They finally had an answer Monday. McGregor's family issued a statement today saying that McGregor's cause of death was a viral infection that caused lymphocytic myocarditis. The virus disrupted the signals that cause the heart to beat properly, resulting in McGregor's death.
In simpler terms, the virus infected McGregor's heart instead of, for example, the respiratory tract, the way a common cold virus might. The reason that McGregor's infection was undetected is because the only signs he displayed were "flu-like symptoms," which likely resulted from the body's response to the viral invader.
It's rare for viruses to attack the heart and even rarer for one to completely disrupt its function the way the virus that infected McGregor did.
As a result, there was nothing McGregor, who his family described as "a strong advocate for the early detection and prevention of cardiac disease," or anyone could do to prevent his death.
Prior to his death, McGregor had been a part of the Rockies' organization since their inception in 1993 and was named team president in 2001. The team has worn commemorative patches for him since his death in April.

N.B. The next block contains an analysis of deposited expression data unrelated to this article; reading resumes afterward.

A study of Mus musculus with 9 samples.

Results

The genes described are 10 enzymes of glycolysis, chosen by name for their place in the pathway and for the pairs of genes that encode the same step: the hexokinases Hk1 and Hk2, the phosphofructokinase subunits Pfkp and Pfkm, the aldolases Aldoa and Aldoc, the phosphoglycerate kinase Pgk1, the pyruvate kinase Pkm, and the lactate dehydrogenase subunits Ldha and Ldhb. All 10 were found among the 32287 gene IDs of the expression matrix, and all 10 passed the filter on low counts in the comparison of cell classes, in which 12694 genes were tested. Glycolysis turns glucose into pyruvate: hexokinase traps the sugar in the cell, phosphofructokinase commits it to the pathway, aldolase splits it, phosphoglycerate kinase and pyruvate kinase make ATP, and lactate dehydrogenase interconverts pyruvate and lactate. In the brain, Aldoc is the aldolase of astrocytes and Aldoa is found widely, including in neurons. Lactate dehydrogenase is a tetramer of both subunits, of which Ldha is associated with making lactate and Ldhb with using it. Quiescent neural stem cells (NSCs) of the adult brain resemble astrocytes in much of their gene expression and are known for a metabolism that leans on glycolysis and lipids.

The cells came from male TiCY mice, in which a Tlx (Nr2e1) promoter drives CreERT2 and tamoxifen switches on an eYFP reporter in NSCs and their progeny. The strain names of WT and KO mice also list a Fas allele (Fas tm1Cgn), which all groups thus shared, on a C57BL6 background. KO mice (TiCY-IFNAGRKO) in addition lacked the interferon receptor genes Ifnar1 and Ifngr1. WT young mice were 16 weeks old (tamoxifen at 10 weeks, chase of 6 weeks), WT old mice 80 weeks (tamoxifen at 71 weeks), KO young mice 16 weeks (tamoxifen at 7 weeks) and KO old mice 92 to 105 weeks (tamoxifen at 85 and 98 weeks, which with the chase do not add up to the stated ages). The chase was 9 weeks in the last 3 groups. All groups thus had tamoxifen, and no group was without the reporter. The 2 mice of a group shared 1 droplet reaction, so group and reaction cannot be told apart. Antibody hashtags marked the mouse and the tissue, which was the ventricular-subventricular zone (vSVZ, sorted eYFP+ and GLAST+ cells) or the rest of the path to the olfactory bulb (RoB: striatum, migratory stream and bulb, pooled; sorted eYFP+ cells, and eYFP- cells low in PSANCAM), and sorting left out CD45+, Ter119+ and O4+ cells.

Read the full statement below:
Keli McGregor had the heart of a lion. He did not die of a heart attack or of any other preventable heart condition. Instead, his healthy heart was attacked by a rare virus which unfortunately infected the heart muscle, causing the lymphocytic myocarditis that led to Keli's death. In an unusual manifestation of a viral illness, this organism infiltrated his heart muscle and disrupted the electrical pathways that signal the heart to beat properly. The heart muscle may have recovered from the viral attack had these electrical pathways not been destroyed, but the muscle may have been permanently weakened and destined for eventual heart failure. This infectious process most likely occurred during the last week of Keli's life, causing nothing more than flu-like symptoms. Just as a healthy brain can be infected with viral meningitis, a healthy heart can be infected with viral myocarditis. Fortunately, the vast majority of viral illnesses do not damage the heart or the brain.
Keli McGregor was a champion of the physical and spiritual health of the heart. He acted as a strong advocate for the early detection and prevention of cardiovascular disease, both with the Rockies and throughout Denver and Colorado. Keli lived an active life and had his cardiovascular status evaluated regularly. Unfortunately, even a heart as strong as Keli's can, in rare cases, fall victim to these microscopic viral invaders.
Like you, we miss Keli every minute of every day. We're so very grateful for the love and support shown to our family and we wanted to share this information with all of those who, like us, have searched for answers.